Craighton Berman is a Chicago-based industrial designer who loves to cook. Hence, “Pinch” — a combination salt and pepper shaker which houses the spices within one, intuitively built device. When his initial prototype received wide acclaim at design fairs, Craighton decided it was time to bring Pinch to production, but he wanted to do it on his own terms. “The traditional way to independently manufacture a product meant a leap of faith on the part of the designer: they created an object, showed it to a few friends for feedback, maybe showed it in an exhibition and received some interest, so they put a lot of money up to pay for a production run and then hoped it would be a success,” he explained in a recent email exchange. And, even over the internet, he seems overwhelmingly pleased when he says: “Everything is different now.”
We also talked about inspiration, design, and “salt so good it will make you cry.” Check it out below. Support his project here.
Was there a particular experience tied to your inspiration for this project?
My wife Emily is a chef, so we do a lot of cooking at home. Years ago I purchased a salt cellar for her to use next to the stove — basically an open ceramic vessel of Kosher salt that we kept next to the stove. I absolutely love the sensation of pushing my fingers into the large flakes of salt, pinching an arbitrary amount, and sprinkling it into the pan from above. There’s just something really pleasing about that tactile experience — there’s nothing between you and the salt. I wanted to bring that same experience to the dining table, where the shaker filled with standard salt just seemed banal in comparison — not to mention it didn’t work with any of the sea salts we had collected over the years, which have an irregular texture.
When you were working on the design, what type of chef did you envision using it? Did you have an “ideal user” in mind?
I think I always imagined it would be a product for anybody who loves food — a perfect piece to leave out on the dining table. The open vessel of salt is protected from dust by the pepper shaker and the design is restrained enough to fit the landscape of almost any dining room, yet just sculptural enough to be interesting. It’s not screaming for attention, it’s just humbly waiting for you to use it.
What’s a favorite recipe you can’t wait to make with Pinch?
My favorite thing in the world is to simply slice up an heirloom tomato and sprinkle it with Maldon sea salt. Dead simple and delicious. If I’m feeling crazy, maybe I’ll throw a basil leaf on there as well.
How has your experience of using Kickstarter been so far? What was appealing about this platform versus more traditional avenues for finding funding?
My Kickstarter experience has been really excellent — I think I will launch every project this way in the future! The traditional way to independently manufacture a product meant a leap of faith on the part of the designer: they created an object, showed it to a few friends for feedback, maybe showed it in an exhibition and received some interest, so they put a lot of money up to pay for a production run and then hoped it would be a success. Everything is different now. The internet has encouraged designers to share their early prototypes and concept renderings with the public at large. With a few high profile blog posts, your product can be in front of hundreds of thousands of people within days of posting it. Excitement can build and feedback can be received before any production even begins. Kickstarter has been a great tool to collect that early excitement — in the form of a pre-order — thus ensuring I have the funds and backers to pay for production.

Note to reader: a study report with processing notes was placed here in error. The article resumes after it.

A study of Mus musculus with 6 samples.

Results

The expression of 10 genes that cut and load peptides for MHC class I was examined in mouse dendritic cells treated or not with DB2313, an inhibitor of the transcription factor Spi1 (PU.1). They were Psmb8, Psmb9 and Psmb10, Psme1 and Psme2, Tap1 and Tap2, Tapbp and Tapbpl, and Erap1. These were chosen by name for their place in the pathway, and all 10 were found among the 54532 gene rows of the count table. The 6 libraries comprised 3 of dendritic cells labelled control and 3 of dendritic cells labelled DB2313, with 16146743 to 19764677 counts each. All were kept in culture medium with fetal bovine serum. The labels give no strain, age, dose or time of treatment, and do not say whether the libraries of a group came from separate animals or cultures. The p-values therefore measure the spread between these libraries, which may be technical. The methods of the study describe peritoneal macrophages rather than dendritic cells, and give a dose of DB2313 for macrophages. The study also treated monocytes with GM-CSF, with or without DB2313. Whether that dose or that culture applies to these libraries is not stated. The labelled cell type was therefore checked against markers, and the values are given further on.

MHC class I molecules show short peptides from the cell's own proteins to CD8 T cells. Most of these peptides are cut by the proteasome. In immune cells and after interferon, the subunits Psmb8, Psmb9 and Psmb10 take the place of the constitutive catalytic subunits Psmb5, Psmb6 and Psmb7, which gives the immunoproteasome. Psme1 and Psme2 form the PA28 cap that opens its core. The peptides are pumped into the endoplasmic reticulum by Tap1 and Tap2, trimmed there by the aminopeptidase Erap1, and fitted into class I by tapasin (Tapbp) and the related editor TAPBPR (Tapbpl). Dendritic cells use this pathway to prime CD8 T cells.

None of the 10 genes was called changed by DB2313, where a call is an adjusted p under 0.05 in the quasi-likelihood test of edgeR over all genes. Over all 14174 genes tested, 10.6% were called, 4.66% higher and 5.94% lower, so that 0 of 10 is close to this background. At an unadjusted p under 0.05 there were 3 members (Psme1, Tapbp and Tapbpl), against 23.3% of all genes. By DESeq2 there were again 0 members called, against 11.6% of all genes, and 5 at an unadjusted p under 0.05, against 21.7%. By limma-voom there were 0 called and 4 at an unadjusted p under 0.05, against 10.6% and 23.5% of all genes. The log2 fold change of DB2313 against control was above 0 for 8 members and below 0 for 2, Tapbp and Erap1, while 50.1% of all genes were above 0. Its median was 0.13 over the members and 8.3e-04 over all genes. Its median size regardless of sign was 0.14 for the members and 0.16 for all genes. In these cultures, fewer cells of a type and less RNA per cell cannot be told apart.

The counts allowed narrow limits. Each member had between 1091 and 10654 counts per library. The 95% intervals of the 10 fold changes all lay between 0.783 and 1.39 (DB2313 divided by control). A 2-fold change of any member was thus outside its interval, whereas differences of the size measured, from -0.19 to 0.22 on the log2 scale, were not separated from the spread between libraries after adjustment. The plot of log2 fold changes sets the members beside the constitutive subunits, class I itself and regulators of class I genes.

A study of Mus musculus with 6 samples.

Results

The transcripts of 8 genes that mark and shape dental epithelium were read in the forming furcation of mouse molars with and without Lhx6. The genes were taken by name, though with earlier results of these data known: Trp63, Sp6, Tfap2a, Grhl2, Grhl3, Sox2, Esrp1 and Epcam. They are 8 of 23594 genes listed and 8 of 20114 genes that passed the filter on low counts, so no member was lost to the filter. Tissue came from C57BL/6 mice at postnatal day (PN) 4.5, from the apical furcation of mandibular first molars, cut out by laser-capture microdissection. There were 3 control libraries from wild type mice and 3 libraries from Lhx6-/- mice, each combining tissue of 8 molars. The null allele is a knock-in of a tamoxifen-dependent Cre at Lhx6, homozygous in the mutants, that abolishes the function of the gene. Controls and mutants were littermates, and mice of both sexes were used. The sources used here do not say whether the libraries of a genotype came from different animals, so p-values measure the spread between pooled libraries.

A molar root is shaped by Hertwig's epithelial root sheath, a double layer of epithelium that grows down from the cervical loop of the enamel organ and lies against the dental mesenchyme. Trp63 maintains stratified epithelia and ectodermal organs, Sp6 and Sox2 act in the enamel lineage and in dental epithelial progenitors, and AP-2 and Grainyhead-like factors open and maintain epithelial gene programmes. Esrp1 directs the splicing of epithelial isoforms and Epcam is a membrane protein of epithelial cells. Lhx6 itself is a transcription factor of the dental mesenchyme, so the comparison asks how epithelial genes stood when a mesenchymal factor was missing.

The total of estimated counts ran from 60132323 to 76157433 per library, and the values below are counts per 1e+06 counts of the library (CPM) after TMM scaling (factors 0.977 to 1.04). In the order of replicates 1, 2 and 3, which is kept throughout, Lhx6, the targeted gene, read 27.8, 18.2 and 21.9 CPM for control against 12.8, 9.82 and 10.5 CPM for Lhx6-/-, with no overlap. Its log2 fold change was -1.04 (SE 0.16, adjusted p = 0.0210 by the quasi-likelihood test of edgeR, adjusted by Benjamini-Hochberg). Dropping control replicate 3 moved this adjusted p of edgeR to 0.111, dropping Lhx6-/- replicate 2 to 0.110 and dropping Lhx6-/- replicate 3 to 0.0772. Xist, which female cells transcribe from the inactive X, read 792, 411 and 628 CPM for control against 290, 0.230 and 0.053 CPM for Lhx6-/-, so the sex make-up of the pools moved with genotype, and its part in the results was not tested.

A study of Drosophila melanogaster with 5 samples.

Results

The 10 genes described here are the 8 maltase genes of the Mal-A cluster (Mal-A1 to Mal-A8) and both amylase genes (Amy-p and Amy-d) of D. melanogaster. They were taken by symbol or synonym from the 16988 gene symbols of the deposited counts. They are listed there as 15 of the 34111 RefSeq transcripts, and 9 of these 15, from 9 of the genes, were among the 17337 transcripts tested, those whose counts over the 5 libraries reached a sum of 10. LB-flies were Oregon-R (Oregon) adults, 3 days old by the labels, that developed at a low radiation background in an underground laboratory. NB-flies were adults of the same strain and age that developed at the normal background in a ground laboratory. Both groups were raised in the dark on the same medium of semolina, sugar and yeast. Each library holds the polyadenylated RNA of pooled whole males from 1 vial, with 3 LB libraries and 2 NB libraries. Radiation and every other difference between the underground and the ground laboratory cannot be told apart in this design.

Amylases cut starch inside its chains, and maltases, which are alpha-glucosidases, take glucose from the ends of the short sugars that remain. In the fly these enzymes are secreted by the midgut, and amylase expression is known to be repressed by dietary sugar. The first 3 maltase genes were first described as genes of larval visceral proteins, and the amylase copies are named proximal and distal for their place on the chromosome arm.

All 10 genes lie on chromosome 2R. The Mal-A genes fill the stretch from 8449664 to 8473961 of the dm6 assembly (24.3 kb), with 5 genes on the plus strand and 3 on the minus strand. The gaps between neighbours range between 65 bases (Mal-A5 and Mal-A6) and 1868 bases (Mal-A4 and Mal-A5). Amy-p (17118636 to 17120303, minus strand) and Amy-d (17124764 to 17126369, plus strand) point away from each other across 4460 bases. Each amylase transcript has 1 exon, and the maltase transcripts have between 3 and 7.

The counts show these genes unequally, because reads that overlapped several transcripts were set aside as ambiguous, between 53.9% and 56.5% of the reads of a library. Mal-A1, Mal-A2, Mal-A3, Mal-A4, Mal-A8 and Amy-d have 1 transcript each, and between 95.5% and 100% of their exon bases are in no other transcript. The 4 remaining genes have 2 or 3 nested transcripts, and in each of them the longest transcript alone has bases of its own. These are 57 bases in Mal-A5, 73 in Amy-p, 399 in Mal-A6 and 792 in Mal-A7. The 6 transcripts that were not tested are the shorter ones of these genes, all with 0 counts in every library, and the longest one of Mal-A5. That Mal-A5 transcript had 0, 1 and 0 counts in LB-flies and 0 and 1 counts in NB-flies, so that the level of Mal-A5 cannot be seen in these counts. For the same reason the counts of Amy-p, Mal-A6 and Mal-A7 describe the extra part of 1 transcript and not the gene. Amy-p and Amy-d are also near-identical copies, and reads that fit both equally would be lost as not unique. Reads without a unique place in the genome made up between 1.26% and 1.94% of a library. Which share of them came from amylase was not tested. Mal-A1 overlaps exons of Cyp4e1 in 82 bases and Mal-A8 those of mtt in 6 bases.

Are there any particular designs/pieces or designers who you admire or served as design inspiration?
I find inspiration in everything from high-concept design to everyday observations in the streets. In general I’m very inspired by design that is distilled down to it’s essentials. Not so much minimalism, but purity — purity of concept, purity of form, purity of intent. In Pinch’s case, I love thinking about the way we interact with the world around us, so it was directly inspired by food rituals and interaction. As far as specific designers, Pinch was also probably inspired by the everyday utility that is evident in so much of contemporary Japanese design. Specifically designers like Kenya Hara and Naoto Fukasawa and the work they create/curate for Muji — to me their work absolutely celebrates purity.
And — this one comes from reading one of your answers above — what’s the most unusual sea salt you’ve collected? I had never really considered the different types of available salts before. Tell me more!
Well I went through my cabinets and discovered we had over 12 different salts. I certainly can’t take credit for most of them — being that Emily is a chef — but we certainly have some interesting ones. There are a couple smoked salts — salts that have a smoky flavor of hickory and applewood. There are a couple of odd salts from the Korean grocery store down the street from us in Chicago, one is flavored with Green Tea. There are a couple colored salts like a black Hawaiian sea salt, and a pink salt of some sort that I picked up in Tokyo (I thought it might taste like rose, but sadly not). The Portuguese salt cream is like French Fleur de Sel — a light and fluffy salt raked from the top of the sea salt pile. Probably the most dramatic salt is the white truffle salt: if you’ve ever eaten truffles you’ll know what I mean…that salt is so good it will make you cry. But honestly, the ones that get the most use are the Kosher salt for cooking and my favorite, Maldon sea salt, which is a super flaky salt from England that goes well on anything.